By Sujata Sangwan


Kant highlighted the significance of creating corporate governance standards for India Inc. to go global and set standards for other G-20 nations on the fringes of the conference.

"It is imperative that startups in India create new benchmarks in corporate governance, not only for India but also for other G20 nations, as the country aspires to become a global economic powerhouse. By doing so, startups can set an example for the rest of the world and inspire other organizations to follow suit," he said.

As part of the Startup20 summit during India's G20 presidency, a 63-point self-regulatory framework for startups from early stage to IPO was recommended as part of thinktank recommendations released in June this year.

Through this initiative, Kant aims to equip startups with a framework to adhere to corporate governance and financial management best practices. "By following these practices, startups can build trust with stakeholders, attract investors, and ultimately, achieve sustainable growth," he added.

Why is it needed?

It is vital to keep in mind that every startup has distinct requirements and obstacles, and a one-size-fits-all strategy may only be effective for some businesses. Startups must, therefore, adapt this framework to their own requirements and environment. Depending on their industry, size, company model, and level of development, they should adjust their governance policies accordingly.

Focusing on how to collectively enable the startup ecosystem to develop into a world-class one and produce world-class startups is essential at this point. The purpose of this framework is to support a seamless transition from a startup to a consolidated corporate entity by ensuring that these practises are available and should be applied in accordance with the business's stage of maturity.

At every stage of a company's lifespan, governance practises are relevant and appropriate, although the definition and emphasis of governance may change. Phases of implementation may take place, and as time goes on, the process may get more complex and perfected.

A possible startup governance maturity level framework may be as under:

Level 1 (Inception to Early Stage): Appropriate documentation and dissemination of information to stakeholders. Systematic review of internal data and internal reporting/shared with investors; Broadly, complying with basic legal and governance requirements. Also understanding the need to professionalize corporate governance.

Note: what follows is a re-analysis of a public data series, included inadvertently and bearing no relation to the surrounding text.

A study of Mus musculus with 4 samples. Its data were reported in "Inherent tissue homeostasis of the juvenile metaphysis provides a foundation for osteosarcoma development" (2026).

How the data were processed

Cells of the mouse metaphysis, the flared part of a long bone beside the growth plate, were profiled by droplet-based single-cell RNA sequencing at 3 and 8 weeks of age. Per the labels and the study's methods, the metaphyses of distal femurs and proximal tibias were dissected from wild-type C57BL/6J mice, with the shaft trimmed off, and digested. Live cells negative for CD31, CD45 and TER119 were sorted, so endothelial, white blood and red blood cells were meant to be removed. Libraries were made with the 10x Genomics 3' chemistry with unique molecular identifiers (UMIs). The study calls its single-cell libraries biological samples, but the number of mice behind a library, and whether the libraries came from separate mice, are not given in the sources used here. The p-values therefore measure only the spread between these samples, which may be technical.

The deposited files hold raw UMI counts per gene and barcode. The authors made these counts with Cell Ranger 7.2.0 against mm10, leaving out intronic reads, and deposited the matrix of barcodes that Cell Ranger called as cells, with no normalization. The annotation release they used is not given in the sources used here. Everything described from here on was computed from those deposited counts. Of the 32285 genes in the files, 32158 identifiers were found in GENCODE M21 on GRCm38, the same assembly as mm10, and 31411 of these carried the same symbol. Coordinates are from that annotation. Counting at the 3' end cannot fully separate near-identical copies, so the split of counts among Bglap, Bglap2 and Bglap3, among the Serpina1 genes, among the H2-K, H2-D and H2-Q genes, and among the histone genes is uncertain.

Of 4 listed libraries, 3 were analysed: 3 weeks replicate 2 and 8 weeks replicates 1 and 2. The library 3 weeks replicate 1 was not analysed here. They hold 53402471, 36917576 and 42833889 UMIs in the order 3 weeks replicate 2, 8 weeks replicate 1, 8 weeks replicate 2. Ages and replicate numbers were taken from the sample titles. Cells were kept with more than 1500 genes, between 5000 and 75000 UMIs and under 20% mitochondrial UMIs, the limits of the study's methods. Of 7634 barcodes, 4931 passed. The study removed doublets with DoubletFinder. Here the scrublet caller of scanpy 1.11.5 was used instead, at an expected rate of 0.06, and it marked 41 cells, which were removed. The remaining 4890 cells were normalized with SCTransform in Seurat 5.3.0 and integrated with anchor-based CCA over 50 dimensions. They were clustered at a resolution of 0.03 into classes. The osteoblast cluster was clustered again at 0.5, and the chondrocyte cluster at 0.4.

Level 2 (Early Stage to Growth Stage): Continuous improvement in governance evidenced through documentation, and internal reporting to board (stakeholders) and digitized financial management at a minimum enabling transparency and accountability; Broadly, acting on or implementing formalized governance procedures with transparency and accountability.

Level 3 (Growth Stage to IPO): Self optimising digitised internal operations in each governance category and improvements evidenced through use of digitized systems data & analytics, documented internal and external reporting / Third party reviews; Broadly, mastering the art of corporate governance practices.

How experts are reacting to it?

According to Co-founder and CMO of boAt Aman Gupta, founders of startups will be evaluated on their governance quotient in addition to their intelligence quotient and emotional quotient.

In addition to other requirements, founders require IQ, EQ, and GQ. The importance of corporate governance will increase in the future, and it's excellent for the ecosystem if it's taken seriously from the beginning, the startup founder and angel investor tweeted.

Deep Bajaj, an angel investor and the creator of the femtech startup Sirona, believes that startups need to have sound structures and procedures in place because things change much more quickly once they receive funding.

"Unlike regular young businesses, funded startups have the external accountability as well as the resources to focus on great practices. It is extremely important to lay the right foundation at the start or else it is a dangerous spiral to recover from," he added.

Sujata Sangwan

Former Sr. Correspondent

Sujata is an engineering graduate and has done her Post Graduation in Human Resource Management. She has a deep interest in startups, venture capitalists & technology.